Monday, October 29, 2007

Bloody and guilty, guiltily awake

{William Hogarth, "David Garrick as Richard III" (1745)}

Like a good dissertation advisor, Jenny Davidson from Light Reading noted that I left out some Shakespearean ghosts in yesterday's roundup--eleven of them, in fact, who levy curses on their murderer, Richard III, on the eve of his death at the Battle of Bosworth Field. It seems appropriate that this most self-dramatizing of villains should suffer a haunting, but like everything else in the play, the ghosts remain overshadowed by the force of Richard's character: next to his evil ingenuity and ruthlessness, no one else seems quite alive--including the dead.

It should come as no surprise that Richard refuses to believe in the ghosts. After all, everyone in his eye is a tool or an obstacle; once they lose the potential to be either, why would they tarry in his sight, alive or dead? No, it must be a dream:
I did but dream.
O coward conscience, how dost thou afflict me!
The lights burn blue. It is now dead midnight.
Cold fearful drops stand on my trembling flesh.
What do I fear? Myself? There's none else by.
Dream or not, Richard nonetheless rehearses a sort of crisis of conscience:
My conscience hath a thousand several tongues,
And every tongue brings in a several tale,
And every tale condemns me for a villain.
Yet there's little sense that the ghosts' imprecations ("Let us be lead within thy bosom") cause him anywhere near the horrors that Banquo's silence provokes in Macbeth. Macbeth, though deeply ruing the irrevocable first step that set him on his murderous path, tells himself that he has no choice but to kill Banquo because,
For mine own good
All causes shall give way: I am in blood
Stepp'd in so far that, should I wade no more,
Returning were as tedious as to go o'er.
--which renders Banquo's silent reappearance all the more horrifying, a grotesque proof that though Macbeth may plunge ever deeper into the rivers of blood, the absolving shore will remain forever distant.

Richard, on the other hand, has no false image of a distant day beyond murder--and no lost better self to regret. His crisis of conscience is in actuality little more than a batting about of the concept of his villainy. The ghosts may curse him, but he is proof against curses because there is nothing in him to damage; they lead him to worry not about what he has done but about what others might do--
O Ratcliff, I have dream'd a fearful dream!
What think'st thou--will our friends prove all true?
. Though he claims that the ghosts
Have stuck more terror to the soul of Richard
Than can the substance of ten thousand soldiers
Armed in proof and led by shallow Richmond,
his only real worry is the failure of his designs.

This gets to the heart of why Banquo's ghost is chilling where Richard's chorus of victims is forgettable--and thus of one of the reasons that Macbeth is the far better play. As Mark Van Doren writes,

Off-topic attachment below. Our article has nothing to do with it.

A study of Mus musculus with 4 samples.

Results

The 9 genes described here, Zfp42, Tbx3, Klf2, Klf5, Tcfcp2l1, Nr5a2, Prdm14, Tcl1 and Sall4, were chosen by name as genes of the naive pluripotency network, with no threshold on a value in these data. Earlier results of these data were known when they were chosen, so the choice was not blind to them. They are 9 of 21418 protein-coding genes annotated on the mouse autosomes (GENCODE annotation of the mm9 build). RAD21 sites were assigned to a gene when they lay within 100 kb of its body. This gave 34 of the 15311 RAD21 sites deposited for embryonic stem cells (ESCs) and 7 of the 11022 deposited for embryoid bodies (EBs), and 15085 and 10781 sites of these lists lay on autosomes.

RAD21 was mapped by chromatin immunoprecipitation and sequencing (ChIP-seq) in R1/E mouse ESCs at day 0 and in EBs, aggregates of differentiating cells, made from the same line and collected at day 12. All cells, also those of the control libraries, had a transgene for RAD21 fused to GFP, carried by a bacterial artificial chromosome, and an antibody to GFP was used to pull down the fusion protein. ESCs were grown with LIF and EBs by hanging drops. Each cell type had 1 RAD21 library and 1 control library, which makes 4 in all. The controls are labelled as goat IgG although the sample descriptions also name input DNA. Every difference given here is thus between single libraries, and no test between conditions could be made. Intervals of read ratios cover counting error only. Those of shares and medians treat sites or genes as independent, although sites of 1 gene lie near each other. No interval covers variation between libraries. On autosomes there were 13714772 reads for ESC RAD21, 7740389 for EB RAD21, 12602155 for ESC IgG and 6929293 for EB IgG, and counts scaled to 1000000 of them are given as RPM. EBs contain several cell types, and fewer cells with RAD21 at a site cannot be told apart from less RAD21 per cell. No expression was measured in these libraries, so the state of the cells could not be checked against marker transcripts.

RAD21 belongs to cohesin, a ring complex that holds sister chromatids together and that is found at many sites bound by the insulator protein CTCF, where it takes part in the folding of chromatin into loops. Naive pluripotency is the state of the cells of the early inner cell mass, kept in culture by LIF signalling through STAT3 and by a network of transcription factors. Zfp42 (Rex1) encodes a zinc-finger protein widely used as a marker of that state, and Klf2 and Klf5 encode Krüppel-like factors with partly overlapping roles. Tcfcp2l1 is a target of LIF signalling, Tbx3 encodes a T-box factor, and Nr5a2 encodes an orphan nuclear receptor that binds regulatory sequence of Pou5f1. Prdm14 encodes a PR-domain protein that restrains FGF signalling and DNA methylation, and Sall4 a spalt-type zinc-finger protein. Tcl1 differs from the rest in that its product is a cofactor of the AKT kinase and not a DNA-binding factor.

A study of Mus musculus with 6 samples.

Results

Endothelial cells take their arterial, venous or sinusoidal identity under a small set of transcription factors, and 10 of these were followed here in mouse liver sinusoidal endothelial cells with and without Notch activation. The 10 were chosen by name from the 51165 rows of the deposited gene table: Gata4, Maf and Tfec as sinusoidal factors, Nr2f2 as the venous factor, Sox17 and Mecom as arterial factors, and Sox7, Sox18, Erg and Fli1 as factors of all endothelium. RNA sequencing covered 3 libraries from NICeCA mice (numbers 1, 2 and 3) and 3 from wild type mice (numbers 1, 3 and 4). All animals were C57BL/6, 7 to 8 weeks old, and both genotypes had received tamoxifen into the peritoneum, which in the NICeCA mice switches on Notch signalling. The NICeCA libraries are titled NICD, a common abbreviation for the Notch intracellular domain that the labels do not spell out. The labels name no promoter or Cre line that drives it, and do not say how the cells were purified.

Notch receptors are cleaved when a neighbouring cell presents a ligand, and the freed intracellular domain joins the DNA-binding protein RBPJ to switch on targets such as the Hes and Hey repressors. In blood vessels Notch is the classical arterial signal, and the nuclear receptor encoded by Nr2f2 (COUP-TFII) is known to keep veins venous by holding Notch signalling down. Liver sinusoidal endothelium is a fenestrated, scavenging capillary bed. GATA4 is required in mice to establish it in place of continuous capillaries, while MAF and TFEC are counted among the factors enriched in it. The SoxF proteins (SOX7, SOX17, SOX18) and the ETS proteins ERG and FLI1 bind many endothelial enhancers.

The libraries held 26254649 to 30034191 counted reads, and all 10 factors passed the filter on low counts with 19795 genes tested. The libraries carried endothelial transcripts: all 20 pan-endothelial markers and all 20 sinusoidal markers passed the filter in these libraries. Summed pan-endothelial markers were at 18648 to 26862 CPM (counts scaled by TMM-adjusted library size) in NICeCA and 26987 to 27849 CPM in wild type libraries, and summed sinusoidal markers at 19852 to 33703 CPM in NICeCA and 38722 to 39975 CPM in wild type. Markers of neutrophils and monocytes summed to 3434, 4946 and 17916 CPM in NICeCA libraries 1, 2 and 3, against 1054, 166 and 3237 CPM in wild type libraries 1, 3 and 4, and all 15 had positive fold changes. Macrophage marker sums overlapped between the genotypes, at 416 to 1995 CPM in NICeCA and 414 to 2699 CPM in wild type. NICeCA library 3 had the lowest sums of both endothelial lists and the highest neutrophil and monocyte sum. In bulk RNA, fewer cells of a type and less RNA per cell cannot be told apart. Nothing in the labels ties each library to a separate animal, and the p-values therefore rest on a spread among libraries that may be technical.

Richard is never quite human enough. . . . He is only stunning in his craft, a serpent whose movements we follow for their own sake, because in themselves they have strength and beauty.
A ghost, like a reader, needs some flaw in a character to latch on to; a perfect good or a perfect evil leave little for the reader to ponder or the ghost to prey on. If a man be a perfect villain, what levers does a ghost have? What threats are at his disposal? Is it even possible to haunt him at all?


  1. That is a favorite picture of mine, thanks for including it in this interesting post!

    Harold Bloom is rather obsessed with that "What do I fear?" soliloquy, as a sort of clunky early harbinger of miraculous-developments-in-language-of-interiority to come...

  2. I'll have to look into the Bloom, because I had what seems to be a similar thought: the soliloquy is so . . . almost. Richard is almost truly wrestling with himself, but it's never quite convincing, and it's never predicated on there being another way he might choose (or have chosen) to be.

    It reminded me distinctly of the reflections of Milton's Satan, only whereas Satan's self-torment is rooted in knowledge of what he's lost--of what was once good in him--Richard's never gets that far. He simply pinballs between self-loathing and denial, and it never fully works; similarly, the language is far less inventive and vibrant than we'd see in later Shakespeare.

    Side note: Mark van Doren's thoughts on why we watch Richard make me the pleasures of Richard III are like those of a prettty good crime novel: even if the character could be better developed, there's something delectable at the same time in the display of that much skilled villainy.

    Which leads me to a further thought: are ghosts really like con men, needing us to display a weakness before they can do their work? Is the truly content person proof against haunting, as he or she is proof against a con?)